College application time: Encouraging your student to look at many options

Woman pointing on map.

A list of considerations as you start the college search.

Students may start their college search with a set of preconceived ideas. They may have their heart set on a prestigious college, or they may simply want to attend the nearby school where their friends are headed. Neither choice is necessarily wrong, but during the college search, one of the most important things you can do is help your student consider all of their possible choices.

Choosing a college is a big decision, and probably one of the most significant your student has undertaken so far. Talk over the following topics with your student and challenge any assumptions they might have about certain schools or types of schools. The idea is to ensure your student has thought through all their college options, not to change their mind about any one school or the other.

Big school vs. small school. If your student is strongly in favor of one school size over another, ask why. Talk about the pros and cons of each—one isn’t necessarily better than the other, it’s more about which is the right fit for your student.

Is it an academic match? For any school your student is considering, this is important. Of course the school should offer the major your student wants to pursue, but what’s the coursework like? What approach and philosophy does the school take? What are the professors like? These are questions that will require some digging and talking with both students and professors at the school. You may be able to find some answers online, or by emailing people at the school, but it’s also a primary topic to explore when you and your student make a campus visit.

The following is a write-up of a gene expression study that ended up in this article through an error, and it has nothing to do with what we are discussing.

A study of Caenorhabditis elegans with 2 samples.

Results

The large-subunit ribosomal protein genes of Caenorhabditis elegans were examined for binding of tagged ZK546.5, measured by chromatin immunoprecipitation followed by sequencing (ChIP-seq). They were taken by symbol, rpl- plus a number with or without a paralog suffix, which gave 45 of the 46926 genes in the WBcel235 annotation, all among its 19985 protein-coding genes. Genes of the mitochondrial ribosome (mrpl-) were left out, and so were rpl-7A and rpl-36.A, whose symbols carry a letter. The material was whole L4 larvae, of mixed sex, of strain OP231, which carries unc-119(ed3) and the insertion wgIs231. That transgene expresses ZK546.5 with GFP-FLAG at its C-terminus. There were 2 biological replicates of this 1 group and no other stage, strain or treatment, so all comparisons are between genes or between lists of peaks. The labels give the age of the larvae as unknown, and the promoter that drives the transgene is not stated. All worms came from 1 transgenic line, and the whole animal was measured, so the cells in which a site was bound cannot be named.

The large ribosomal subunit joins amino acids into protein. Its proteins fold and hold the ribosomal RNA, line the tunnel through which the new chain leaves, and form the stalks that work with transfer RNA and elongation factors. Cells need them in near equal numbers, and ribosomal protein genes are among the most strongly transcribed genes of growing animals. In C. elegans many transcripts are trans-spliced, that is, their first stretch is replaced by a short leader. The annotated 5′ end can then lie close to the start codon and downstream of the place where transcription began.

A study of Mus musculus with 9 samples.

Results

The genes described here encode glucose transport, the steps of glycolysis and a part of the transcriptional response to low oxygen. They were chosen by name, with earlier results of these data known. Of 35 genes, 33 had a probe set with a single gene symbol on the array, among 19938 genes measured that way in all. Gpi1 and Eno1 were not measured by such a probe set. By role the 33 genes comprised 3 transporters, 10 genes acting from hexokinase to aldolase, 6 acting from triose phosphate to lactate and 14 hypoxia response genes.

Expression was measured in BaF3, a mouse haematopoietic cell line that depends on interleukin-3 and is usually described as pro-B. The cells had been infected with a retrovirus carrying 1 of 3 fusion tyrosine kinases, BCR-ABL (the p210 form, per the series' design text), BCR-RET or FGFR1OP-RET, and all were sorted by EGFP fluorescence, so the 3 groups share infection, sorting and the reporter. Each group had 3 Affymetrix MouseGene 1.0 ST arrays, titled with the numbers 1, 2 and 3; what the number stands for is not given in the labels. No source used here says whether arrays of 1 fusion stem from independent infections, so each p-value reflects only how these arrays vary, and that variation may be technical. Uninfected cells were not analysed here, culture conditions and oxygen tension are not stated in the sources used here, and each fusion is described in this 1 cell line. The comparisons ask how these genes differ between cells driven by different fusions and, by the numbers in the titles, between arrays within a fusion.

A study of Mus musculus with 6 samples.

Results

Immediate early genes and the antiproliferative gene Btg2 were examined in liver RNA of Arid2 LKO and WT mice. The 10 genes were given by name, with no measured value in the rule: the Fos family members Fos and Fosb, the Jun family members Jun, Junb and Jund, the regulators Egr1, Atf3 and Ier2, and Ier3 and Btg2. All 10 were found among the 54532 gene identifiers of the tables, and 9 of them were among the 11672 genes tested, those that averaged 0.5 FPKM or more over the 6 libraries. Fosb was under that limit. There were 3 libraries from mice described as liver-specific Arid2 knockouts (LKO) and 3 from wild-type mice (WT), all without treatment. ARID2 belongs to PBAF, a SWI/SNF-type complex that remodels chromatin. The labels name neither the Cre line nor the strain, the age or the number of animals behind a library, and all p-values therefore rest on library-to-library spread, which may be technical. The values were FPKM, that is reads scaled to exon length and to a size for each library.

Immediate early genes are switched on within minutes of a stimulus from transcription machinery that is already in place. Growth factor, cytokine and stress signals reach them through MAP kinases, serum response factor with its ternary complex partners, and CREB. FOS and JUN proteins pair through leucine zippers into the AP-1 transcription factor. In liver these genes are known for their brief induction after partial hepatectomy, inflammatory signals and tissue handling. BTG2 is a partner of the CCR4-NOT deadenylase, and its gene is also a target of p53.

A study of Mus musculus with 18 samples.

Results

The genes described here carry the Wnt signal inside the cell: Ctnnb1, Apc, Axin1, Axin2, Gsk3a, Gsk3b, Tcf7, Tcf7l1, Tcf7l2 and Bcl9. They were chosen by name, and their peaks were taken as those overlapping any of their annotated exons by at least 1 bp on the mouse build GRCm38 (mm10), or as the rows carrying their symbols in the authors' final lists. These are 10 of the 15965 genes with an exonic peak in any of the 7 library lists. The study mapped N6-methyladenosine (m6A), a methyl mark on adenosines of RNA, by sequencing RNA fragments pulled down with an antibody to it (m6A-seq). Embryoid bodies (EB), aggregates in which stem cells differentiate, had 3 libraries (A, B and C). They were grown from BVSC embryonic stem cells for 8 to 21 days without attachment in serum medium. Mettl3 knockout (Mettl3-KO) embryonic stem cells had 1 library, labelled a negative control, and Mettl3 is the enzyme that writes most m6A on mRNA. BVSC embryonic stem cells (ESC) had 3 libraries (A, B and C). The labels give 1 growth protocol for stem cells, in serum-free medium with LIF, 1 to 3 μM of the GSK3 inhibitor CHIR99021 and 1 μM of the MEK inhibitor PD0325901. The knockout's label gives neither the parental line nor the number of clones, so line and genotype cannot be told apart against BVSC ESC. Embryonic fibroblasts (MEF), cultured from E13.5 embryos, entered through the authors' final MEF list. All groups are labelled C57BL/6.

Is it a social match? This is a little tougher to get a handle on, but is critical to your student’s success at college. Do the campus and student body offer an atmosphere that feels comfortable to your student? Does it feel like a place where he or she can make friends? Pursue extracurricular activities?

What’s the cost? If the cost of tuition is a concern to your family—and it is for many families—be sure to let your student know early-on that price may be a deciding factor. That doesn’t mean your student has to avoid looking at private schools or even colleges with higher tuition. You never know what financial aid packages you may be offered. But be sure your student understands that cost is an important consideration.

Location, location, location. Geography is another key consideration. Some students look forward to going a college far from home, others want to stay nearby, maybe even live at home. Again, it’s important to look at the pros and cons of each option—going to school far away means adventure and independence, but also increased transportation costs and possibly fewer trips home during the year. Living at home may save money, but would your student benefit from the independence of living on campus? There is no one right answer for every student—it’s important that your student consider the possibilities and all the options available.

As your student continues the college search, keep in mind that there is no set formula for choosing the right school. But working through the above questions can help your student work out which school to choose — it may mean they’ll end up considering a school they never would have before, or perhaps circling right back to their original choice. Either way, you’ll know they’ve considered a variety of options first.